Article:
Social Media | Pause Before Posting

by christiannewsjournal

Everywhere I turn people are talking. In some places they’re even talking about how people are talking. Have you heard it? I hear people say things like:

— Everyone is looking for a reason to be offended.

— People are so volatile right now.

— Why are so many people angry?

Maybe it’s the stress of a pandemic and the disruption of our routines and expectations. Another factor may be how we’re using social media. Short, direct and snippy comments seem to be common on many social media platforms I visit. I’ll admit that I rarely leave social media feeling encouraged or built up.

A 2017 article on called A Run Down of Social Media’s Effects on our Mental Health said, “The more we use social media, the less happy we seem to be.” The article pointed to a study that showed the more a person is on social media the more isolated they feel.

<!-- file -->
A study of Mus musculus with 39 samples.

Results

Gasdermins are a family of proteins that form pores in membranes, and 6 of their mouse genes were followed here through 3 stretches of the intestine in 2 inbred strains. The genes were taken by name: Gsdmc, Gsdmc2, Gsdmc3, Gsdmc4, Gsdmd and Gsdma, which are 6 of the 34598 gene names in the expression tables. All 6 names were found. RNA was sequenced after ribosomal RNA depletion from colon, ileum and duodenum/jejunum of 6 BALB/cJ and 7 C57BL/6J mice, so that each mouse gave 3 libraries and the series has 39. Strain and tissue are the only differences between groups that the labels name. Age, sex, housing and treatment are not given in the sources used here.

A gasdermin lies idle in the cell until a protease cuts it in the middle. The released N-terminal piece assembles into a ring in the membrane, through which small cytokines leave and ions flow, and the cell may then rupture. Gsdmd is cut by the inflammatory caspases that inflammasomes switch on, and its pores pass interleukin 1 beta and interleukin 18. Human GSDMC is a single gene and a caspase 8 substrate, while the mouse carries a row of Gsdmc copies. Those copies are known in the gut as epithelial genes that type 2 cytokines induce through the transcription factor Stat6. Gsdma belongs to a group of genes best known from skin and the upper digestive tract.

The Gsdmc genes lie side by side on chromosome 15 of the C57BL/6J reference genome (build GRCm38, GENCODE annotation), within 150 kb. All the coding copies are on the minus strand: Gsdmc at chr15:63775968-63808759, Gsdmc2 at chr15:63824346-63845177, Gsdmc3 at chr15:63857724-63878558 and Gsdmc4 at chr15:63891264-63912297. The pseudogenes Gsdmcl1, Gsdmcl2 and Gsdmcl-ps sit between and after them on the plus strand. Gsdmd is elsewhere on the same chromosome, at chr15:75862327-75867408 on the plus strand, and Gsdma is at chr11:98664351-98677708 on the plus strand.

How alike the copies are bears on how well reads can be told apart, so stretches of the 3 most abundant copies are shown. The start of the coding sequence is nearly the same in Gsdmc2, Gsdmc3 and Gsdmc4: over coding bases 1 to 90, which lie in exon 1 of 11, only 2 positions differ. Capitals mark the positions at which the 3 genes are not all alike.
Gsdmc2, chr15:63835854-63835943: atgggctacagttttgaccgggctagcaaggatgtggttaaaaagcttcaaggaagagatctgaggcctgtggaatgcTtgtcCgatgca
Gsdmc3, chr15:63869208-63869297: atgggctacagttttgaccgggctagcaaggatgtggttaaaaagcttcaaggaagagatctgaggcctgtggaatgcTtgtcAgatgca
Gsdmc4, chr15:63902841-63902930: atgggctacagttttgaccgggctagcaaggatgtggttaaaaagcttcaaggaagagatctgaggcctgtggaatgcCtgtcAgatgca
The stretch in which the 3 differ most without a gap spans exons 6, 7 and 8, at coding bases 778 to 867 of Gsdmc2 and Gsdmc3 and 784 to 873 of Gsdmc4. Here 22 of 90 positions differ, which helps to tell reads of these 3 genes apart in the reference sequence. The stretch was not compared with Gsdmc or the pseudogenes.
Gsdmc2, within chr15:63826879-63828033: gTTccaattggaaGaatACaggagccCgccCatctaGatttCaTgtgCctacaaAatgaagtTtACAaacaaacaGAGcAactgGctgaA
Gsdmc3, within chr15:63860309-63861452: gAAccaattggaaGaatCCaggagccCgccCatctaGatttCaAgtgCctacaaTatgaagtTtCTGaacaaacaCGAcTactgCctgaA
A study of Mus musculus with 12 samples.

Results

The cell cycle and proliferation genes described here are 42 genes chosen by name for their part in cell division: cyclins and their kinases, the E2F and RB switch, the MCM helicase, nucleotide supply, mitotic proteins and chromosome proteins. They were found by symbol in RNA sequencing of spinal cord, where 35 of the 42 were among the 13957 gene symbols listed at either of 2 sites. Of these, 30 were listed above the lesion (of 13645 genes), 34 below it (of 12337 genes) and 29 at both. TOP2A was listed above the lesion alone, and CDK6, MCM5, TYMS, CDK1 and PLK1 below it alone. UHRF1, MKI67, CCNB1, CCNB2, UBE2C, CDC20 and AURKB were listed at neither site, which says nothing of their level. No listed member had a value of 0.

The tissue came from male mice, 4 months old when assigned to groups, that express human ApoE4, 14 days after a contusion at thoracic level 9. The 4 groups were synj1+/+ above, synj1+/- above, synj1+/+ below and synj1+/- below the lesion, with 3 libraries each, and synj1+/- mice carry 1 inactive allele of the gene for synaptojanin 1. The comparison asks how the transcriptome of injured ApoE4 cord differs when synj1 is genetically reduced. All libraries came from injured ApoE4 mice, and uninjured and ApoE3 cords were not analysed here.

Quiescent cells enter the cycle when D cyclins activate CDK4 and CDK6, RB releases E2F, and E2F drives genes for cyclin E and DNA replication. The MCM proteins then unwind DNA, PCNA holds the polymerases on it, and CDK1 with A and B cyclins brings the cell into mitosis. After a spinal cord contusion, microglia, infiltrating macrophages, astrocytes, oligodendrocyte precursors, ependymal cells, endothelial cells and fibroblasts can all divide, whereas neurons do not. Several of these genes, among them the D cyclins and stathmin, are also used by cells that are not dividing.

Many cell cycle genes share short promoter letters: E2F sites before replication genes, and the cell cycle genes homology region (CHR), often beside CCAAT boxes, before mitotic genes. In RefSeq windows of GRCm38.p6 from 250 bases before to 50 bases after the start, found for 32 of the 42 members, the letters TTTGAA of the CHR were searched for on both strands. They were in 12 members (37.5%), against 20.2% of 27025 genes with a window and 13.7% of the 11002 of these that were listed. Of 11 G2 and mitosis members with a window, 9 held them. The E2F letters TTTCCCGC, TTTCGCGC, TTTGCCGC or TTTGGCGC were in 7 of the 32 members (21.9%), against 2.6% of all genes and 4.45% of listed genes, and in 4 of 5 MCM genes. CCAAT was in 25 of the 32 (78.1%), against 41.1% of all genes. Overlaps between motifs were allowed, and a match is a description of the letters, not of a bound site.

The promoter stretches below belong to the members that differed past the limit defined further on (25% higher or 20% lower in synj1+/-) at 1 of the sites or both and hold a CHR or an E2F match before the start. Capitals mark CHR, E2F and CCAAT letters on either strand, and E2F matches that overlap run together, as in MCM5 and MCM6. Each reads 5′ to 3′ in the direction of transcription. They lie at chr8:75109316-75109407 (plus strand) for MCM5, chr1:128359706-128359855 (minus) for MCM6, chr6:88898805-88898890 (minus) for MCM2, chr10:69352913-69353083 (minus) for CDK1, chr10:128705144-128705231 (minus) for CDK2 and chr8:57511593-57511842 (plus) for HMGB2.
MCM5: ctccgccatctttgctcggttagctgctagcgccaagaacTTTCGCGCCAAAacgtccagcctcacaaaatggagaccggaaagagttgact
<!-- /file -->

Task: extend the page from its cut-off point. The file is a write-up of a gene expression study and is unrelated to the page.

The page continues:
If you’re using social media, let me offer you a way to help people rather than hurt them before you hit send. A short verse in the New Testament says, “… whatever is true, whatever is honorable, whatever is just, whatever is pure, whatever is lovely, whatever is commendable, if there is any excellence, if there is anything worthy of praise, think about these things.” (Philippians 4:8, ESV)

Not only should our thoughts be guided by these principles, but our words should be as well. As you consider your next post, ask yourself these questions before posting:

— Is what I’m posting true?

— Is what I’m posting honorable to myself, God or others?

— Is what I’m posting right and fair?

— Is what I’m posting free from defilement or impurity?

— Is what I’m posting inspiring?

— Is what I’m posting something I’d recommend to others?

There are benefits to social media as we’re able to connect with distant family members and friends. But we must be mindful of the cost. Is what you’re posting on social media helping those who will read it or contributing to the uneasiness in today’s society?

Brandon Porter is communications director for the Kentucky Baptist Convention and editor of Kentucky Today.